There’s no doubt that we are currently living through the golden age of the supplement. But with more options out there than you can poke a stick at – let alone figure out how to pronounce – how on earth are we supposed to know what’s what?
You’ve probably heard of Coenzyme Q10 by now; found naturally in the body it is known to support cellular energy. However you may not have heard of Ubiquinol – the active and reduced form of CoQ10. Many benefits have been associated with Ubiquinol – from anti-ageing to reduction of inflammation – and I wanted to chat to someone in the know to learn more about those benefits, what it can do for the average person and any contra-indicators to taking it.
Stephen Eddey is a qualified nutritionist and naturopath and is the Principal of Australia’s longest established natural medicine college, Health Schools Australia. He has completed a Bachelor of Complementary Medicine as well as a Masters in Health Science. And he was kind enough to answer all of those burning questions.
Tell us – in layman’s terms – what is Ubiquinol and what is the relationship between it and Coenzyme Q10.
Coenzyme Q10 (CoQ10) is found naturally in the body. It plays a vital role in supporting cellular energy and powering your cells, particularly in your major organs such as your heart, liver and lungs. Around 90% of CoQ10 is found in Ubiquinol form. Ubiquinol is the active and reduced form of CoQ10 and it is 3-8 times more bioavailable. In order for CoQ10 to work in your body, it needs to convert into Ubiquinol, so taking Ubiquinol directly may be a more efficient way to help your body utilise the powerful antioxidant.
What does Ubiquinol do for our bodies?
Ubiquinol is considered to be one of the strongest antioxidants, providing support against oxidative stress, supporting cardiovascular and overall immune health. It also supports cellular energy to power your cells and has been shown to help reduce inflammation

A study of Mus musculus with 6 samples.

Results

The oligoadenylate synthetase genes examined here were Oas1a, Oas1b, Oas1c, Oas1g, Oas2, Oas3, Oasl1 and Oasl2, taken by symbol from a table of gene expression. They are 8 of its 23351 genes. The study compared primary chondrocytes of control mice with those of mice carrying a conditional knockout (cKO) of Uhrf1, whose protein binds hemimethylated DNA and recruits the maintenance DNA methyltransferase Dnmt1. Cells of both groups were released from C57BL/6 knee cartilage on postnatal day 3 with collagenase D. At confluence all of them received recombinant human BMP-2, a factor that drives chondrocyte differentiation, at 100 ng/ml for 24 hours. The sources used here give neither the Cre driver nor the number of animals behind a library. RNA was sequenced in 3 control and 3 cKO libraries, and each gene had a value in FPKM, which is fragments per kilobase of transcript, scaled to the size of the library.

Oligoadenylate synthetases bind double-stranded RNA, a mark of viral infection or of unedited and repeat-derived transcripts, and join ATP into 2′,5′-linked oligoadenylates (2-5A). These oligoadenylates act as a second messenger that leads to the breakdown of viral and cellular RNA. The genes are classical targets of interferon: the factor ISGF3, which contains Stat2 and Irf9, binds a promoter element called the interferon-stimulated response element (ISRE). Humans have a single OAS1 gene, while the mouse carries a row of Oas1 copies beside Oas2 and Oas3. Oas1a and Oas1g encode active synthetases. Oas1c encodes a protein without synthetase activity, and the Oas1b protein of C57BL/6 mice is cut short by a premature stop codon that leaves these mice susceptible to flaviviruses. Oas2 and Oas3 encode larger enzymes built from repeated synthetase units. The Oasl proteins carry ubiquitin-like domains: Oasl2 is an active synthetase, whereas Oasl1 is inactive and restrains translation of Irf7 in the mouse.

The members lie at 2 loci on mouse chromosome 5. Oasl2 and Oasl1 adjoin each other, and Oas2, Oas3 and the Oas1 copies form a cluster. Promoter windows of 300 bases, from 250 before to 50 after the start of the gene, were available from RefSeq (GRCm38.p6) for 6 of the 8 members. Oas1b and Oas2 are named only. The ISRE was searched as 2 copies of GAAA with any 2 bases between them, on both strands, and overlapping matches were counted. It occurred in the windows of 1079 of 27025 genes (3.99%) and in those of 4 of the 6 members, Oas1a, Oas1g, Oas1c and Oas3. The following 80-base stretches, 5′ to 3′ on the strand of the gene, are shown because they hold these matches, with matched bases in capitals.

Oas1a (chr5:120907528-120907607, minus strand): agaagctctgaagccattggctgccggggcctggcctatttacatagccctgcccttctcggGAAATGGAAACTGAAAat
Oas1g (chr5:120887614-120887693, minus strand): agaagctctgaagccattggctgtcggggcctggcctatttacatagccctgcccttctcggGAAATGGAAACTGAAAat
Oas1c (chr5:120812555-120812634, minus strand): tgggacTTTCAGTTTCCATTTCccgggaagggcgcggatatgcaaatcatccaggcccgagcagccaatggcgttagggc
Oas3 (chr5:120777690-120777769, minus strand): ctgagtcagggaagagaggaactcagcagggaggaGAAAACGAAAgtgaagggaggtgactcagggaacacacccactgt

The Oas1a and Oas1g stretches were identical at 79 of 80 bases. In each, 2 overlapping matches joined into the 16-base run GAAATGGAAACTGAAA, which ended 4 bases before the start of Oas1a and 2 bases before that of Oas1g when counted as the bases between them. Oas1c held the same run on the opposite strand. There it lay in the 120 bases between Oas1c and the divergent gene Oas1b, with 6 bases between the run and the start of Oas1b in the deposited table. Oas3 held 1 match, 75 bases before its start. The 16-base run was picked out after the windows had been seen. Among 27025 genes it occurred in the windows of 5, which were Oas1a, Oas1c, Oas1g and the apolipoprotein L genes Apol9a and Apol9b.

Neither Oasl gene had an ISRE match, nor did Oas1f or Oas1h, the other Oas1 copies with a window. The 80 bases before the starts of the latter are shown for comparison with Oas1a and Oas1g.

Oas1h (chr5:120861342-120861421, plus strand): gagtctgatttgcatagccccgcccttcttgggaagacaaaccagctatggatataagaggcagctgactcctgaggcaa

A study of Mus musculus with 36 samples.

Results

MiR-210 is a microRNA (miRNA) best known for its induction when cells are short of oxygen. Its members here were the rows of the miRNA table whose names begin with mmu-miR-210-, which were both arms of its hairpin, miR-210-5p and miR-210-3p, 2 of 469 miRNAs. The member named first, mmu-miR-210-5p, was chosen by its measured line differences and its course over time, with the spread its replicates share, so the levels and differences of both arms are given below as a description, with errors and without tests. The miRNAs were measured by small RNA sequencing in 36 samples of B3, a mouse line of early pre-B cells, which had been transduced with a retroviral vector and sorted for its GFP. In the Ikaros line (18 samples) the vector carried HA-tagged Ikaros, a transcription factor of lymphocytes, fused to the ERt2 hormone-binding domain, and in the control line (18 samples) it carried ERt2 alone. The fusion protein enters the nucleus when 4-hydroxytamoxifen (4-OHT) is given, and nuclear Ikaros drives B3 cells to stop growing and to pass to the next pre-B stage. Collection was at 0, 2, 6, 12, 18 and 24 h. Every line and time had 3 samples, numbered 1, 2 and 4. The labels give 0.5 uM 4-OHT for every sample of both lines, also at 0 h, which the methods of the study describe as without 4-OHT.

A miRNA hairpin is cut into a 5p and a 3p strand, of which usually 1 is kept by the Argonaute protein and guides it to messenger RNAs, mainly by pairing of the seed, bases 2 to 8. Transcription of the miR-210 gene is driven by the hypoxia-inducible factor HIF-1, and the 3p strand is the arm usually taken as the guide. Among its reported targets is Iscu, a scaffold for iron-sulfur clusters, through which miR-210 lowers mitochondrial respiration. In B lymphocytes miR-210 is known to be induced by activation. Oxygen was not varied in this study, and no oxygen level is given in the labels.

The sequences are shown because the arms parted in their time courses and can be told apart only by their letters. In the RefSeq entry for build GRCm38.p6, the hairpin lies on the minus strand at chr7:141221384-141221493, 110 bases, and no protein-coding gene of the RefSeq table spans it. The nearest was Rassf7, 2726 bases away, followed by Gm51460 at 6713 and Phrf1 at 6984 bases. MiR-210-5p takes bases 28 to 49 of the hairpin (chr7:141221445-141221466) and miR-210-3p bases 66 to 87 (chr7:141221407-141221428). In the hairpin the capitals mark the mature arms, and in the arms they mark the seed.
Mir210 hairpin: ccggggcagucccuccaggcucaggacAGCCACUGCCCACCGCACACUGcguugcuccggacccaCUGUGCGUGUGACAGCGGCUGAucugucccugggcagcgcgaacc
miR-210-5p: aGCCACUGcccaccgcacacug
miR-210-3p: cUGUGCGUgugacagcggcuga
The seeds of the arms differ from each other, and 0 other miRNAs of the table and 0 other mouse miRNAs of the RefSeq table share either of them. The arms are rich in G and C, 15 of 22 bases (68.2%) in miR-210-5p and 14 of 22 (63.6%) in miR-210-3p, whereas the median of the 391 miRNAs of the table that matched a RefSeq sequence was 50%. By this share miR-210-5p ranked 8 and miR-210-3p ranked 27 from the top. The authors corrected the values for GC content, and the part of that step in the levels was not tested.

What are the other anti-ageing benefits?
As we age, the concentration of Ubiquinol in the body decreases year by year, indicating that it has a close relationship with ageing. If you are feeling continually fatigued or foggy, or if you struggle to bounce back after exercising, your Ubiquinol levels may be low. Due to the potent antioxidant properties, Ubiquinol may help to promote healthy ageing.
Studies have been done into the benefits of Ubiquinol supplements in athletes, but how can this relate to the rest of us?
The studies that have been done on athletes have shown Ubiquinol to help increase muscle power and to help reduce inflammation.
In a recent double blind crossover study performed on 21 Rugby Players, the results showed that using Ubiquinol for sports nutrition can be seen to have several advantages for sportspeople and regular supplementation can aid faster recovery, better adaption and power enhancement.
In a study with 100 Spanish Firemen, the University of Granada (2014) have shown that supplementing with Ubiquinol lowers the degree of inflammation after intense physical exercise.
Finally in a double blind placebo study published in the Journal of Sports Nutrition (2013)[i] with 100 German athletes, after six weeks of training those who were given Ubiquinol demonstrated higher levels of muscle power compared to those who did not receive the supplement. The study also indicated that the results were likely to be broader and Ubiquinol may have benefits for athletes.
These studies showed lowered degrees of inflammation and power enhancement so with that in mind, it shows that the supplement may be good for the broader population too.
What is the optimum way for ‘regular’ people to take a Ubiquinol supplement?
150mg-300mg per day is the recommended dosage for people to take Ubiquinol and it can be taken at anytime.
Are there any dangers/contra-indicators to Ubiquinol?
There are no known side effect of Ubiquinol however if you are taking other medications you should always consult your healthcare practitioner for advice.
I’ve been taking Ubiquinol from BioCeuticals sporadically for about a month and have noticed an impact on my energy levels, although with so many other external factors contributing to how I feel I obviously can’t be sure whether it was the Ubuinol, a placebo effect or some kind of combination of the supplement and other changes I have made. I plan on taking it regularly in the lead up to this year’s City2Surf and will report back!
If you think that Ubiquinol might be a good option for you, chat to your healthcare practitioner about it (always a better idea than self-prescribing!).
p.s I highly recommend the BioCeuticals line. As a practitioner-only brand I feel more comfortable with the quality of the ingredients and advice.